How Video games turn teenager into millionaires



Alex Balfanz is an 18-year-old student at Duke University in North Carolina. Every day he has lectures or seminars, followed by assignments. Like many students his age, he devotes a couple of hours per day, and many more at weekends, to video games.


But he’s not just playing them – he’s making them. And making a lot of money doing it.


“In the 10 months that Jailbreak has been released, it has already yielded seven figure profits,” Balfanz says of his cops-and-robbers adventure game released last year. A few weeks ago, it was played for the billionth time.


Balfanz is just one of thousands of young gaming entrepreneurs in their teens or twenties making money in an industry that made $36 billion last year.


It's offering new ways to make a living that didn’t exist 10 or even five years ago, even within the games industry.


Another 18-year-old student, Andrew Bereza, is the creator of Miner’s Haven and Azure Mines, two games he made over the last two years for Roblox, a kids-focused platform that allows children to build their own games and publish them online – it's the same platform that houses Balfanz’s Jailbreak.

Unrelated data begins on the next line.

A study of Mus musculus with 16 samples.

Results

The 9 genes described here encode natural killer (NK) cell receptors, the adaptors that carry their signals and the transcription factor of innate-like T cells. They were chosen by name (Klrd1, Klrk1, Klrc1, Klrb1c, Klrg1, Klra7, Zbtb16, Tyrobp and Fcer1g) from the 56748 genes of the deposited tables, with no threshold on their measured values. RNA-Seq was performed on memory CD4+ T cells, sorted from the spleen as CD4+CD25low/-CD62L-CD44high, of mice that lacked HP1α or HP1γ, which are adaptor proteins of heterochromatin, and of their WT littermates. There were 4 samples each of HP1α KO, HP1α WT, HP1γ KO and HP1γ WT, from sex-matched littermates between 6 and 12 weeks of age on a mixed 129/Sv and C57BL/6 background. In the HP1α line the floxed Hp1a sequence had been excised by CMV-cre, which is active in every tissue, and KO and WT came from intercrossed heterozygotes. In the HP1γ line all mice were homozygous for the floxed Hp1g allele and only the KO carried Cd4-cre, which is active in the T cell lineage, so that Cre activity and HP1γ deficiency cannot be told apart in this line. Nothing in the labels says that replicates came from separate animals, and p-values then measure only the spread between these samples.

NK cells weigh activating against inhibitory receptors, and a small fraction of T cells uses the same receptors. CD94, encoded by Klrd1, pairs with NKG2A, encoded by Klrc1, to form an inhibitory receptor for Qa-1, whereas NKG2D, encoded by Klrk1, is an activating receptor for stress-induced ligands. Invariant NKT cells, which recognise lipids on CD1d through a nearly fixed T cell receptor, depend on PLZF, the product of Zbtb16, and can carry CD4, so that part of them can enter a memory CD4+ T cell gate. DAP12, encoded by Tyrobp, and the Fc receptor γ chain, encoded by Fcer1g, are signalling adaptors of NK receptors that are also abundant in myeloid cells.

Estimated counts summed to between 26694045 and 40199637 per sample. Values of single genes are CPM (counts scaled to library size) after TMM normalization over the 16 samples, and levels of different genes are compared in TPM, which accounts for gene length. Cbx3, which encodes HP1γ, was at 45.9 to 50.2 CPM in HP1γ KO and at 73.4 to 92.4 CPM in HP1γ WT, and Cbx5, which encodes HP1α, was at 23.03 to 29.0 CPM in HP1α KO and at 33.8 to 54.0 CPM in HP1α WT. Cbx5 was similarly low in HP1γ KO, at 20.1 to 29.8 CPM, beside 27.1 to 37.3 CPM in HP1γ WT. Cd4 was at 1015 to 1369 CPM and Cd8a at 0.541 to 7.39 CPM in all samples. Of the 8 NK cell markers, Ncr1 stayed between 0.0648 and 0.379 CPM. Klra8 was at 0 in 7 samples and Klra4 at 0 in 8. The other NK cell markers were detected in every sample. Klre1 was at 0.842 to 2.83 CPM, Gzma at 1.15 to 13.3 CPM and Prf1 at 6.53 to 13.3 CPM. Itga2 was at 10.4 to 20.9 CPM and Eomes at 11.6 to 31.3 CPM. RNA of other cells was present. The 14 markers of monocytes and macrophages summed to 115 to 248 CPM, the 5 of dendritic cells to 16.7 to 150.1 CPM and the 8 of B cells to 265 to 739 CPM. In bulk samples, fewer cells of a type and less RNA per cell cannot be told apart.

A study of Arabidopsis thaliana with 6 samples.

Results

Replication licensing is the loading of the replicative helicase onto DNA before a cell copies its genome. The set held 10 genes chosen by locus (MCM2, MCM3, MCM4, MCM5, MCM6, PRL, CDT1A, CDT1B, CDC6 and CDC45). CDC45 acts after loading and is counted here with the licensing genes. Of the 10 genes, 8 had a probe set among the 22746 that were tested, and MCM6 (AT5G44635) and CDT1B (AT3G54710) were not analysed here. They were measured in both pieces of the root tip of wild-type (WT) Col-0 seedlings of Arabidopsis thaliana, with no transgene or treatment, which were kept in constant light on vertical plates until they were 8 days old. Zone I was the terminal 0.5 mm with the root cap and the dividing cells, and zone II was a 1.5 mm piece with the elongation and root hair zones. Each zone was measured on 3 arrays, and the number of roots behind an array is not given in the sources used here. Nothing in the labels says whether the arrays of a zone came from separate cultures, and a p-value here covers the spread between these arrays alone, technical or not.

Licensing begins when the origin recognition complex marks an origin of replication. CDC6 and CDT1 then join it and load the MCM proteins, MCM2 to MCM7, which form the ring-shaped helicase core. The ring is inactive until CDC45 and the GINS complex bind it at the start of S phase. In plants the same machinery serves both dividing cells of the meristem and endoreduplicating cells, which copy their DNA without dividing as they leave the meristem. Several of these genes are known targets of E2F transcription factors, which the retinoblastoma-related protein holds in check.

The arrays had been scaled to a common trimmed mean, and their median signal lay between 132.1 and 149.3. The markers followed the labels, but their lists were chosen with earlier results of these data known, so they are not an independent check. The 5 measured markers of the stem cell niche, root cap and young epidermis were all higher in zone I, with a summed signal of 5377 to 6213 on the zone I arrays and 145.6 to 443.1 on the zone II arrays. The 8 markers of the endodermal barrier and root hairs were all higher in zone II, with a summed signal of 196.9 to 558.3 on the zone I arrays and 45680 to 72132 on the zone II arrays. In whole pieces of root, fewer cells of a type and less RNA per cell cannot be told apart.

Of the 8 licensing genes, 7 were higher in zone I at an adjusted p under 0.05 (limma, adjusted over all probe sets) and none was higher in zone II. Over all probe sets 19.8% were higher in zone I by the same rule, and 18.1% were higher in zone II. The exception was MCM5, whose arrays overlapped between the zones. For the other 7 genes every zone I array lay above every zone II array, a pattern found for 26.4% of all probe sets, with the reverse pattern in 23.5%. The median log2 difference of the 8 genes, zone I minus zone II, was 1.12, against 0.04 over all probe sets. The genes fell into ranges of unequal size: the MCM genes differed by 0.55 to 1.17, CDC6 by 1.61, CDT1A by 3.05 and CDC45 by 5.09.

“While I’m not in the annual millions like a couple of my colleagues have recently hit, I’ve been steadily earning six figures every year since I started,” he says.

He is using his earnings to pay for university, where he is studying computer science.

Making and selling your own games

Today, thanks to online sales platforms like the App Store, Steam or Roblox, anyone with the right idea and some development nous can reach more than a billion people.

But while the technology and ecosystem to reach this vast customer base has only appeared in the last decade, the DIY mentality of young app developers is nothing new: it’s actually not too different from wannabe rock stars starting bands in their garages in the 1970s, or aspiring directors filming home movies on a VHS camcorder in the 1980s.

“With creative industries, that’s always been the case, particularly in young people,” says Roger Altizer, co-founder of the entertainment arts and engineering programme at the University of Utah. He says that young people have always come up with creative expressions and have tried to monetise them.

With video games specifically, Altizer points out that in the 1980s, young designers made their own video games, stored them on floppy disks and put them in plastic bags, then sold them physically at stores, capturing a certain entrepreneurial spirit.

Today? We have indie games like Flappy Bird that become worldwide sensations, achieving overnight success. However, there are now so many being published, it’s becoming an ever-more crowded market.

Still, the idea of possible success in this field fuels dreams.